AS EXPECTED, Asian markets made gains yesterday following an agreement last Friday between European Union leaders to bail out banks and provide more oversight for the troubled financial sector. Suddenly, a eurozone melt-down does not seem as imminent as it did a week ago.
Still, with the end-of-quarter window-dressing over and done with last week, Monday's gains were somewhat muted.
The Straits Times Index (STI) gained 32.14 points to close at 2,910.59 as blue chips such as Jardine Matheson, Jardine C&C, Keppel Corp and Venture headed up.
Leading the actives was TT International, which plunged 40 per cent, or 4.8 cents, to close at 7.2 cents following news that the rescue deal it had stitched together with Lucrum Capital for its Big Box project at Jurong East had hit a snag. The stock initially plunged to as low as seven cents. The two parties jointly announced last Saturday that the investment framework agreement had "automatically terminated" as certain conditions precedent were not fulfilled. TT International said that it "will continue to explore opportunities with other interested parties to complete the development of the property".
Meanwhile, CapitaMalls Asia edged up 1.5 cents to close at $1.58 after announcing that it had established a $1 billion private equity fund to invest in Chinese shopping malls.
Market insiders said that the mood remained cautious after the Friday agreement on use of eurozone rescue funds from the European Stability Mechanism to recapitalise Spanish banks and buy Italy's sovereign bonds. Germany's Angela Merkel has already run into opposition at home for agreeing to the deal.
"Many questions still remain over timing, funding and gaining consensus from member states," Justin Harper of IG Markets noted. "However, these steps take us further away from the complete collapse of the eurozone that many had been predicting at the height of the crisis."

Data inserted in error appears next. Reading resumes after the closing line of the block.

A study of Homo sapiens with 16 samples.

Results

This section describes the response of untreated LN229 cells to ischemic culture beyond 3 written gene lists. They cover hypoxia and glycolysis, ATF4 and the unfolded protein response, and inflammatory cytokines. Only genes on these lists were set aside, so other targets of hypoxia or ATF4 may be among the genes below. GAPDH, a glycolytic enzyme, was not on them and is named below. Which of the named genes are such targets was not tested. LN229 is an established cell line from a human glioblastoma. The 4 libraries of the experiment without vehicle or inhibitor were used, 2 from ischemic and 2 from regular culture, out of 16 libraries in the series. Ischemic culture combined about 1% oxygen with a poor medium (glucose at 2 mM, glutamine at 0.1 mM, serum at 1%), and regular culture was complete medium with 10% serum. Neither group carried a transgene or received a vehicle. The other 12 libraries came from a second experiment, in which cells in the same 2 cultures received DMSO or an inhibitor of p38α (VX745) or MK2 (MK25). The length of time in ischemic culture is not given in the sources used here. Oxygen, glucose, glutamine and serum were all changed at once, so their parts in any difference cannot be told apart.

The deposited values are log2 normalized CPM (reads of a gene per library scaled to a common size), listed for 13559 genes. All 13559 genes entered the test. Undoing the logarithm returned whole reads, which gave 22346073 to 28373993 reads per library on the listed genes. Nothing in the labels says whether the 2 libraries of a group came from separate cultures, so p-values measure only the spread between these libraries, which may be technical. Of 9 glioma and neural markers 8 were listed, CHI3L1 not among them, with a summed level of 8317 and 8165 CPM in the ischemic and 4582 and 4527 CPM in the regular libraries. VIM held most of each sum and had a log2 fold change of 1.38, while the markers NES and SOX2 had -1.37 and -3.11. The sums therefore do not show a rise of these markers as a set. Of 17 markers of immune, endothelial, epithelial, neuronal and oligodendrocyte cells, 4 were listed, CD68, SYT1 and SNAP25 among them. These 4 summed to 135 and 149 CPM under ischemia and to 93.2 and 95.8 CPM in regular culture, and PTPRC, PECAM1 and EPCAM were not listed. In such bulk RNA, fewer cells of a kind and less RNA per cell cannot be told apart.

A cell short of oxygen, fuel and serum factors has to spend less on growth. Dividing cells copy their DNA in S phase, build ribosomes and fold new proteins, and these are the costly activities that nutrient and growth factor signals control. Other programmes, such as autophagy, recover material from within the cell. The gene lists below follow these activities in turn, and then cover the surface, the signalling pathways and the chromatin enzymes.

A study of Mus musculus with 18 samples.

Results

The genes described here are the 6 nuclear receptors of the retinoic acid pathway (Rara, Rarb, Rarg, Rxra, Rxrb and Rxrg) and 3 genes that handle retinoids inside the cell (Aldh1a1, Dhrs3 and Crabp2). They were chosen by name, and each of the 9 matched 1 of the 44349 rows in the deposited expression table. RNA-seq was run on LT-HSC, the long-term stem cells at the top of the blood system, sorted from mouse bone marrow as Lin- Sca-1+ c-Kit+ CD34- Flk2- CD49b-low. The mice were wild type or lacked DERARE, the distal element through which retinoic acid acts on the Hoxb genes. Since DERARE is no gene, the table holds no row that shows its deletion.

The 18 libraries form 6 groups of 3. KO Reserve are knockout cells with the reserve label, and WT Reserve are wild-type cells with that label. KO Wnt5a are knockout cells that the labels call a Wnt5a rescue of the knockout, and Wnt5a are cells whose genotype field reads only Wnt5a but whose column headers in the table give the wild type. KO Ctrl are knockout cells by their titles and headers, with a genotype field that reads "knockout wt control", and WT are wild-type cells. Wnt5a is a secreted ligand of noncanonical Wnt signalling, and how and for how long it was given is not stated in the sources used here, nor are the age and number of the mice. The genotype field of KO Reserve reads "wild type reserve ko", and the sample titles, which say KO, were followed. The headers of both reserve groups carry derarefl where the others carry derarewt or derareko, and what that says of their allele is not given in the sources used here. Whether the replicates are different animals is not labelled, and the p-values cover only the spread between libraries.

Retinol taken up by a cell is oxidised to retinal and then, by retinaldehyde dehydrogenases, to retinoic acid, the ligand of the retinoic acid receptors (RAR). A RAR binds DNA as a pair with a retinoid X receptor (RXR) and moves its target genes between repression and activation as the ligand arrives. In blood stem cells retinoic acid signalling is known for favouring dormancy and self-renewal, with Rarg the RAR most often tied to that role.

Analysts also noted a significant rise in share buy-back activity in recent weeks - a sign that insiders see their stocks as being significantly undervalued and oversold. These have ranged from blue chips such as UOB, OCBC, SingTel and Singapore Airlines, to mid-caps such as Indofood Agri, Olam and Hyflux.
CIMB reckons investors should "focus on companies, not timing". It has, as its top stock picks, counters such as CCT, CapitaLand, DBS, Ezion, Global Logistics, Genting HK, Genting Singapore, OUE and Sembcorp Industries.
Meanwhile, with the STI outperforming other Asian markets, increasing numbers of market strategists are calling for more upside for the Singapore benchmark index.
"Though we think that the euro crisis is far from over, we believe the latest EU summit outcome should enable the STI to trade above its -1SD (one standard deviation) forward PE level of 2900," DBS Vickers noted.
"We think that the STI should be able to rise above this level and head for 2,960-3,025 in the coming weeks. However, we expect the move towards 3,000 to be choppy. We are also not expecting it to be the start of a major rising trend; instead the move is likely to shift the index into a higher trading band from 2,900 to 3,025."